Why Repentance is Needed
One of the famous stories from the American Revolution is Paul Revere’s ride, memorialized by poet Henry Wadsworth Longfellow. Many know the motto ‘one if by land, two if by sea,’ which refers to lanterns that were to be hung in a Boston church tower to signal the arrival of British troops. When Revere saw the signal, he mounted his horse and rode furiously through the region warning the people to prepare: British troops were coming. Revere is remembered as someone who warned the people to be ready.
This historical vignette can help us understand the role of John the Baptist at the beginning of the Gospels. With John comes the return of the prophetic word, and his message is one of warning: the LORD is going to return to his temple. He is like a refiner’s fire (Mk 1:2-3; cf., Isa 40:3; Mal 3:1-4). When he returns, what will he find? God’s people must not rest on their pedigree or history. They must repent before the coming of the great day of the Lord. God’s people must not presume upon their relationship to Abraham; if God wanted to, he could turn stones into children of Abraham. Instead, John’s message is for the people to bear fruit in keeping with repentance (Mt 3:8-10; Lk 3:8-9). These are the words of a prophet.
John calls for repentance, which explains his baptizing ministry. He is signaling that the great end-time cleansing was at hand, promised in texts like Ezekiel 36:25-29. John the Baptist is the necessary forerunner of the Messiah (see Mt 11:11-14; 17:9-13). John baptizes only with water; the Messiah would baptize with the Holy Spirit and fire (Mt 3:11; Mk 1:8; Lk 3:16; Jn 1:33). John’s ministry of anticipation signals salvation is near.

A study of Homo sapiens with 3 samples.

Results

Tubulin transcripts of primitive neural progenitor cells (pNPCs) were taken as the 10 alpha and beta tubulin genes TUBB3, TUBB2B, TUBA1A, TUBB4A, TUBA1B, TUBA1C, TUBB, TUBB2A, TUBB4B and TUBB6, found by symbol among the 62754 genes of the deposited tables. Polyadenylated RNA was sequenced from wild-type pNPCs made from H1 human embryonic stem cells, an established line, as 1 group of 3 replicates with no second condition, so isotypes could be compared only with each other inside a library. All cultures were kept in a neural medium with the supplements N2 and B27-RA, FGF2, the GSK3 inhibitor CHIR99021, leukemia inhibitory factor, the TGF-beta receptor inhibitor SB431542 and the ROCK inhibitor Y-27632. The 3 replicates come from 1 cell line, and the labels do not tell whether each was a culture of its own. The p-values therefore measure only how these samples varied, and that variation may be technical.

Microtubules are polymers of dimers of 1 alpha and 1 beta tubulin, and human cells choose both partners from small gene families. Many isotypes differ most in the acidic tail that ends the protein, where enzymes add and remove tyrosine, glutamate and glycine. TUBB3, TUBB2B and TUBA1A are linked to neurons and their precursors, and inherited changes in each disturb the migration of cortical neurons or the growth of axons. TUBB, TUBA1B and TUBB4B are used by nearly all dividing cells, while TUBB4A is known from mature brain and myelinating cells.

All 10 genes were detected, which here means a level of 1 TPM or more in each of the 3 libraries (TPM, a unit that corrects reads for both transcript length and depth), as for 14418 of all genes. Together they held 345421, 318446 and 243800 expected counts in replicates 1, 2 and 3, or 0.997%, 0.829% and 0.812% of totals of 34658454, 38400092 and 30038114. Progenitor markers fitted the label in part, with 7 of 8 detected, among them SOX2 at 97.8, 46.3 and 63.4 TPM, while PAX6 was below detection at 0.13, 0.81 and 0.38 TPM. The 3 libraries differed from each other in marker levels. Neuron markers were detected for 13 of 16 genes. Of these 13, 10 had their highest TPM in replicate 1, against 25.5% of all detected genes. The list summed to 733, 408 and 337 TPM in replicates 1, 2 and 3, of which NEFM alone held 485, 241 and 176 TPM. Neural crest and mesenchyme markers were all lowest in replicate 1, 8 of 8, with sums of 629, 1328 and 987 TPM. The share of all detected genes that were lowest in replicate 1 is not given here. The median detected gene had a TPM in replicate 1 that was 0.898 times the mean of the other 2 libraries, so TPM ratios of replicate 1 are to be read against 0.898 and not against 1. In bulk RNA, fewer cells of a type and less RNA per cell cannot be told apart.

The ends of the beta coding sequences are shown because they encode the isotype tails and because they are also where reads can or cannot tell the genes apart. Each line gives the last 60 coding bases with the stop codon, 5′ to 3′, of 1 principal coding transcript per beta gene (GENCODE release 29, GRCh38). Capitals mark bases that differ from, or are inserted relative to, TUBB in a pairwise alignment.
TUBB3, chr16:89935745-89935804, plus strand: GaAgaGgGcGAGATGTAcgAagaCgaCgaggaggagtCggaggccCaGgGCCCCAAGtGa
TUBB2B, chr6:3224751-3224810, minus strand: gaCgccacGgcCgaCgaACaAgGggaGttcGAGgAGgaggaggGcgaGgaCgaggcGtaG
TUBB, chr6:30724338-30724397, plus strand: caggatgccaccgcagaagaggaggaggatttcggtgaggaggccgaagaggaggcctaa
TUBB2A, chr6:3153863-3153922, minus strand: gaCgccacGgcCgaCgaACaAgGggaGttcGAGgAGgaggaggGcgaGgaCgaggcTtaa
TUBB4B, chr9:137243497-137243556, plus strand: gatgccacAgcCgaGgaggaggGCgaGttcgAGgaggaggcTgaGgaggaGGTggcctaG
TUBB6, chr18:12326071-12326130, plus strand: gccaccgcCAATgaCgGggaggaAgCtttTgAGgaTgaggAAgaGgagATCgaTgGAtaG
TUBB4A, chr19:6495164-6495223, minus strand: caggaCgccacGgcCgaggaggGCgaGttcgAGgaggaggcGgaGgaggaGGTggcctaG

It’s striking that all four Gospels begin with the ministry of John the Baptist. Isn’t it interesting that on the cusp of the great day of salvation, the message is one of activation for the people? They shouldn’t sit idly by waiting for God to intervene. Instead, they should actively repent and seek the Lord because the great day is coming (Mt 3:1-3). God’s saving actions require repentance and obedience from God’s people. Rather than being antithetical, these elements hold together in the context of the covenant. To avoid covenant curses and experience covenant blessings, the people should turn to the Lord.
As the final prophet of the old order, John’s message is one of anticipation; he looks forward to Jesus. John doesn’t teach that our obedience or repentance can save us, but that God’s people should be marked by obedience and repentance. John has a more important role than any other prophet before him because he paves the way directly for Jesus, the Messiah. But when Jesus comes, he vastly outshines John the Baptist (Jn 1:15, 30). John doesn’t consider himself worthy even to untie or carry Jesus’ sandals (Mt 3:11; Mk 1:7; Lk 3:16; Jn 1:27).
Yet Jesus proves to be the greatest servant of all. Not only is he willing to wash the feet of his disciples (Jn 13:1-20); he is even willing to sacrifice his own life for his friends (Jn 15:13-15).
In the opening chapters of the Gospel of Matthew, we are introduced to the King! We learn of his incarnation and this week we will learn of his baptism. From that point, we will see his preparation for his ministry as he is tempted in the wilderness. This week we hear John the Baptist calling us to prepare for this King in repentance. What does that look like? What is repentance? How do we repent?
Join us this week as we continue our study in the Gospel of Matthew and journey through the Sermon on the Mount. Following that we will return to the book of Genesis but for the time being we will be in the book of the Genesis of Jesus Christ, the coming King. Won’t you join us?
Thank you for your prayers for Michelle and myself. We are doing much better and are eagerly anticipating joining you in following our Lord this year and seeing what he has in store for Redeemer. I urge you to join me in daily prayer for Christ’s work through Redeemer PC in bringing about a new reformation in our lives and in our communities.
*This article was adapted from Brandon Crowe’s book, The Path of Faith.